There’s something about Dylan Redford. It could be the way he authentically commands the attention of a camera or the intellectually vulnerable manner in which he expresses himself. Whatever it is, Redford is having a moment, and audiences of his Borscht Corp.-commissioned film, My Trip to Miami, seem to agree. In just two weeks, the short has racked up nearly 29,000 views as one of Vimeo's Staff Pick videos.
Hailed a “documentary of fantasy,” My Trip to Miami runs 13 minutes, during which the young filmmaker and star straps on five GoPro cameras and attempts to visit TripAdvisor’s “Top 315 Attractions in Miami” in five days. Screened at Borscht Diez, it’s a laugh-out-loud series of events that captures a 20-something from Minneapolis traveling alone in a foreign place.
But woven amid the ridiculousness are conscientious messages of identity, relationships, and sociopolitical awareness. “In one world, you can describe it as a love story,” Redford says. “In another world, you can describe it as an auto-critique or auto-ethnography.” He explains the driving force behind the film. “It’s the desire to want to have an experience of a ‘true place.’”
Amusing frames of Redford doing mundane things pepper a fast-moving backdrop of an intense, realistic exploration of a metropolitan area. My Trip to Miami visits TripAdvisor’s recommended destinations, from gun shops to defunct museums. Audiences are also treated to a glimpse of the director’s stream of consciousness. From shots of him eating dessert at the Cheesecake Factory to hiding in a bush as he waits for an Uber, what begins as an exploration into Miami ends as a reconnaissance into a version of Dylan Redford.
He explains that the person we see onscreen is him, but also isn’t. Redford refers to his persona in the video as a character, playing a role he assumes for many of his projects. Who, then, is the pseudo-Dylan we see on-camera? “A white male in a white-male lineage who has come to South Florida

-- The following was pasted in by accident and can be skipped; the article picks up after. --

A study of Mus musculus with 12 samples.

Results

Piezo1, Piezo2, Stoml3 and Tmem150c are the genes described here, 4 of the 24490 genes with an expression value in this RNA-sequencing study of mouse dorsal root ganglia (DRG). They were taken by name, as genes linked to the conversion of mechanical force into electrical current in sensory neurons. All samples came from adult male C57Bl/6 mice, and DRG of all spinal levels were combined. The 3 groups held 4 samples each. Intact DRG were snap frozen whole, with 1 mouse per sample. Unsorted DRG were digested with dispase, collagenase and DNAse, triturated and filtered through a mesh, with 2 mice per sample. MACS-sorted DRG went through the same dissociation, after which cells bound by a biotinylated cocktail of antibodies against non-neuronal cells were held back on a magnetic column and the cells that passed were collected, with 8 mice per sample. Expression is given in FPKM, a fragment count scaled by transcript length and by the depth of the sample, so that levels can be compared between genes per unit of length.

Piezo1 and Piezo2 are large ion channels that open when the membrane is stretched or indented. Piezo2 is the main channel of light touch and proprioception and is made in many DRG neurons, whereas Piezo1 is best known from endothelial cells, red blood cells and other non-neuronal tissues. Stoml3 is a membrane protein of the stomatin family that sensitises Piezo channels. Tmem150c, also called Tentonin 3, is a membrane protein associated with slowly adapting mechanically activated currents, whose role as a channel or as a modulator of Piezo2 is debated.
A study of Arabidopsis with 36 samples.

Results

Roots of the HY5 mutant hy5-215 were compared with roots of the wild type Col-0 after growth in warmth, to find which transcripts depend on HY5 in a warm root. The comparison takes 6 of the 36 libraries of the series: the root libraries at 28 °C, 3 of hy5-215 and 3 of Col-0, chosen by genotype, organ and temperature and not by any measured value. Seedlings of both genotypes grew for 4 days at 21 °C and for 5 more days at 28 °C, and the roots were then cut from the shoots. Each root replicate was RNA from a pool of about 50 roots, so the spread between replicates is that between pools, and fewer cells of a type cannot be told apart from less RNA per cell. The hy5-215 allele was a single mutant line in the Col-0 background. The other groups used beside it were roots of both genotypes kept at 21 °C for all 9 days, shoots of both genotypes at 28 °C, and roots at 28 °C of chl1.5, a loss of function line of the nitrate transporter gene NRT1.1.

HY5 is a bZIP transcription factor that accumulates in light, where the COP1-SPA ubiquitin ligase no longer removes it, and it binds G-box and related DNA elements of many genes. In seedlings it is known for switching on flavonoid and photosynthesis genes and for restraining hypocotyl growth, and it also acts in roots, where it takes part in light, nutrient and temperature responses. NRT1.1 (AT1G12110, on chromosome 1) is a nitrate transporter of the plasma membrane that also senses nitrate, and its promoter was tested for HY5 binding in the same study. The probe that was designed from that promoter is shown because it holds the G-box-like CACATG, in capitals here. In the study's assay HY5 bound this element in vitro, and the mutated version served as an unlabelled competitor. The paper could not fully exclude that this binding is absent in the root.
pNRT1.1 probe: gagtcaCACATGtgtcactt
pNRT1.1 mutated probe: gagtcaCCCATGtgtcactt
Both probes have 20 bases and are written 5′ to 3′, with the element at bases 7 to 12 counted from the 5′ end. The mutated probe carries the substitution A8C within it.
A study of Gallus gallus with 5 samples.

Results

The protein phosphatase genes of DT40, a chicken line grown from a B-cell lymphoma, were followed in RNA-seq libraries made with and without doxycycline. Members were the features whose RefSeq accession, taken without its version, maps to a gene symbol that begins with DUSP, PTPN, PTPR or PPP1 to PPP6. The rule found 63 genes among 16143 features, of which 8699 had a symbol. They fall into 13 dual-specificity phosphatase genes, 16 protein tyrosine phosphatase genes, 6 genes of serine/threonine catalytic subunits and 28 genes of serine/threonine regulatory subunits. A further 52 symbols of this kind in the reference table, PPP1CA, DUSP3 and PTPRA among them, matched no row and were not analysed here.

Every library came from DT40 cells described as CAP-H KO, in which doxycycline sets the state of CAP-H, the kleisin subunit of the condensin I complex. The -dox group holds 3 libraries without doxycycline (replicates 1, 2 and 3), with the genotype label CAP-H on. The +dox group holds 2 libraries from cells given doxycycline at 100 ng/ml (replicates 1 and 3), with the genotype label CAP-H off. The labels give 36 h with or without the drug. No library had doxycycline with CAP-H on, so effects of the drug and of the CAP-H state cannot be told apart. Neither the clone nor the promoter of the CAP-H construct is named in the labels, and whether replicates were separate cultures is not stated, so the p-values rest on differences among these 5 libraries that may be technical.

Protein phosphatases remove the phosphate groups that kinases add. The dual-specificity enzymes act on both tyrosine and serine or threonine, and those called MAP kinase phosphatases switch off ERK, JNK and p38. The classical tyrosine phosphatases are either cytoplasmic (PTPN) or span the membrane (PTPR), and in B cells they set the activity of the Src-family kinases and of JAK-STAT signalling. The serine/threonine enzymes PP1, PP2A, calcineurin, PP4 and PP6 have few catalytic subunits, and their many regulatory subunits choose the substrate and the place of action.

What’s ironic about the video, which Redford shot in 2016 while still living in Minneapolis, is that he has since moved to Miami. He says the motives for his relocation were "hot-button issues like immigration and climate change," which are lived here in a “real, complex, and human way.”
By now, you might be wondering about his last name. Yes, the filmmaker is related to Robert Redford — in fact, the Hollywood icon is his grandfather. The younger Redford has always been grateful for his family’s support, even when dealing with past anxiety about his legacy. “Since I was little, I have always been in conversation with either an image of me or an image of my dad or an image of my grandfather online.”
But what was once an online presence dominated by a heritage has evolved to a space where a burgeoning filmmaker has laid down the framework for a standout brand. Having accomplished the exposure of tourist Miami versus actual Miami, Redford reports he has moved on to his next "fantasy" project. This time, he’ll dig into South Florida’s gun culture. Can we count on his use of those trademark GoPro cameras for future productions? Redford says, laughing, “They will always have GoPros."